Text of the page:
The student news site of Los Altos High School in Los Altos, California

The Talon

The student news site of Los Altos High School in Los Altos, California

The Talon

The student news site of Los Altos High School in Los Altos, California

The Talon

UC Art Requirements Too Strict

What’s worse: enthusiastic freshmen unable to take the art classes that interest them or reluctant underclassmen taking up those spaces to fulfill their mandatory credits? Growing demand for art class spaces has overlfowed visual art classes. This is only amplified by the school’s lack of additional fine arts that satisfy both the graduation requirement and the A-G UC college requirement. With so many students needing to complete these credits, there is less room for students genuinely interested in art.

Although there is a high demand for art courses, the current art classes are locked. That is to say, no flexibility will be offered to the adding of art periods or subjects. And with the large incoming freshman class this year, art teacher Alice Araneda stresses that there is a constant “massive demand” for class spaces.

“Right now it just comes down to money,” Principal Wynne Satterwhite said. “Cutting [budget] makes it hard to add [classes]. I would love to add some other kinds of classes, though.”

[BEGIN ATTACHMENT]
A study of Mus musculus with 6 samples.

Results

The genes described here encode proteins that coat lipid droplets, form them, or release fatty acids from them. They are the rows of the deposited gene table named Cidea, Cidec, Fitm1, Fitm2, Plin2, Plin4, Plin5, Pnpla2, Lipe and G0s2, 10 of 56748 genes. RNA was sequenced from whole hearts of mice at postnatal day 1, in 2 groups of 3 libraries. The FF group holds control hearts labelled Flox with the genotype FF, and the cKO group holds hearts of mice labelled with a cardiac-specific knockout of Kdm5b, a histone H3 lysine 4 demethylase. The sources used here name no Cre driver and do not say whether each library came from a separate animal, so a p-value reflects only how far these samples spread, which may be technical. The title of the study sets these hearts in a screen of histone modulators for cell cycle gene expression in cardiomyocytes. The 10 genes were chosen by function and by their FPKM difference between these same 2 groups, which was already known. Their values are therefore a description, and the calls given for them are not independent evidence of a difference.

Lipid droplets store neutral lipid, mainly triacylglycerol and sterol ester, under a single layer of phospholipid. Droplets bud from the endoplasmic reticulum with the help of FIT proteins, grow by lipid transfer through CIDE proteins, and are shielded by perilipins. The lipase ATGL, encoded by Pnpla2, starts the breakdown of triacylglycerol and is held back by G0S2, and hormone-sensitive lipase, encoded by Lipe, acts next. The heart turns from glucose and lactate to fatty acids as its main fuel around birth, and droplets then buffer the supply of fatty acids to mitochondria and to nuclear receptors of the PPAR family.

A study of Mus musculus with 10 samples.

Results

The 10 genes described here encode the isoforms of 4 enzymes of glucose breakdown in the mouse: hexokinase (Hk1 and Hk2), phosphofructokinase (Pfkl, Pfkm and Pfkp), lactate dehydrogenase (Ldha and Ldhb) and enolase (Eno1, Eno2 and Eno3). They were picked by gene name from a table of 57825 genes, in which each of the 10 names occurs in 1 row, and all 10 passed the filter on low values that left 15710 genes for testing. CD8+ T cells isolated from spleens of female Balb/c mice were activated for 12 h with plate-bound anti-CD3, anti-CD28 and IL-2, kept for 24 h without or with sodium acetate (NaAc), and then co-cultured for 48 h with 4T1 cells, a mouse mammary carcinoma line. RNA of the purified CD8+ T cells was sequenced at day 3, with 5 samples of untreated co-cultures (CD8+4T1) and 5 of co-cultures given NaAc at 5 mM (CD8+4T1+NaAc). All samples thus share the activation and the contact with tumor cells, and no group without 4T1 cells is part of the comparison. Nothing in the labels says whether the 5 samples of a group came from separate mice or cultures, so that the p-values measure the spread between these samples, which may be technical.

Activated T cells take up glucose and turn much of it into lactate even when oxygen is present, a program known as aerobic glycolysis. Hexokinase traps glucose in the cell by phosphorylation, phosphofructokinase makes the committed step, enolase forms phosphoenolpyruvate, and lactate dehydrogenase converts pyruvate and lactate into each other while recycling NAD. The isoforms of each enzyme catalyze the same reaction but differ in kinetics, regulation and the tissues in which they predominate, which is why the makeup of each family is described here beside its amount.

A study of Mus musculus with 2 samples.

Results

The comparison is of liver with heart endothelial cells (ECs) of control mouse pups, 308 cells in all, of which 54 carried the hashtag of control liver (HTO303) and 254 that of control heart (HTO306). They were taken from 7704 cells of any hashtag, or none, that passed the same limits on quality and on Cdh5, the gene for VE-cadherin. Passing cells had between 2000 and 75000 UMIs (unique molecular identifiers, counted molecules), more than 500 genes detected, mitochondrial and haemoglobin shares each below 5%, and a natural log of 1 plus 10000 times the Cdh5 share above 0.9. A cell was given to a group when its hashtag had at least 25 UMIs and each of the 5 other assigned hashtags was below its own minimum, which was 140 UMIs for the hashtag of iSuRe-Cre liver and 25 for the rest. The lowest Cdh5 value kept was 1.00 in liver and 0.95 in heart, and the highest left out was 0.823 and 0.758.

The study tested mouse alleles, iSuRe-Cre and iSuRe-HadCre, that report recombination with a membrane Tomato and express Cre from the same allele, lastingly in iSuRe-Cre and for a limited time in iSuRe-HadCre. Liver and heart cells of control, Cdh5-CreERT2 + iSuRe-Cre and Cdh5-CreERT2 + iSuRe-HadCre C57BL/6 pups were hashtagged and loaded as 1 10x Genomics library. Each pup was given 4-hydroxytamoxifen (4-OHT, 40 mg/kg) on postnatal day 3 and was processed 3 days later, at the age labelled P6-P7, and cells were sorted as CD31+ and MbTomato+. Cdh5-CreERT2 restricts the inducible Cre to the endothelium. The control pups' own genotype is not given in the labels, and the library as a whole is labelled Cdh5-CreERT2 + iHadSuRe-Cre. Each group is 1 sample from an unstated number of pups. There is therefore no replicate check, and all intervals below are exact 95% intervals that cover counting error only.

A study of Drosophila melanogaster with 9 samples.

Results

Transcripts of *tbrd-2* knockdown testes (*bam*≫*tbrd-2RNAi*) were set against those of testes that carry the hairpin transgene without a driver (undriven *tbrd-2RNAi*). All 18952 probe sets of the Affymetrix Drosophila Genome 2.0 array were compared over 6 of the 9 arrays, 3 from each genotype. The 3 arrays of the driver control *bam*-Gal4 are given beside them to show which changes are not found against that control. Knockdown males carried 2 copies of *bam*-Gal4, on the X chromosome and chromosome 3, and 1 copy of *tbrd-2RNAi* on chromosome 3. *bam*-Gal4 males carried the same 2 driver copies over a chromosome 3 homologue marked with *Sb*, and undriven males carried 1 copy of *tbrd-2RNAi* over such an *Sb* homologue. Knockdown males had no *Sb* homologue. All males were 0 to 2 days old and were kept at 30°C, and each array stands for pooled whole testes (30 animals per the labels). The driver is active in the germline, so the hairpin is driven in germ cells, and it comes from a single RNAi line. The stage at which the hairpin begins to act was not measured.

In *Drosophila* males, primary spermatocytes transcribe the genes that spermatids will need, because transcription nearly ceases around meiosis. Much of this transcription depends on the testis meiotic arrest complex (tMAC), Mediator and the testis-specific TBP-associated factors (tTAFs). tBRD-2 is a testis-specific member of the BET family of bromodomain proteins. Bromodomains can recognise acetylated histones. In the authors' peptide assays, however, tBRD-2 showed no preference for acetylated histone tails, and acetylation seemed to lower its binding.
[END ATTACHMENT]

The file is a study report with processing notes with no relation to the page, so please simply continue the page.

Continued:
Although this means new classes could not be funded, the administration has done an exceptional job keeping cuts away from the classroom. Art classes have remained intact, but at the same time, the current program between visual, performing and practical arts is imbalanced.


There are three types of fine arts credits: Visual arts, like painting, drawing and photo; performing arts, like acting, vocal music and jazz dance; and practical arts, like auto shop, web design and culinary.

For a course to be approved by UC faculty as fine art credit or the F on UC A-G requirements, it must typically be a visual or performing art (VPA), and meet the five VPA requirements: Artistic Perception, Creative Expression, Historical and Cultural Content, Aesthetic Valuing, Connections, Relationships and Application.

So what doesn’t count? Marching band, color guard, Concert Choir, Varsity Men’s Glee, journalism and creative writing do not earn more than elective credits. Neither do any of the practical arts, including computer application, web design, automotive technology (auto shop) or culinary as they generally “do not adequately address the five strands of the state VPA framework,” according to

In a time when budget cuts have exceeded $3 million, the UC faculty must, at least for the time being, become more lenient on course approval and expand the range of art credits accepted. Fewer students would be forced to take visual and performing arts for college requirements, allowing genuinely interested students to take those classes.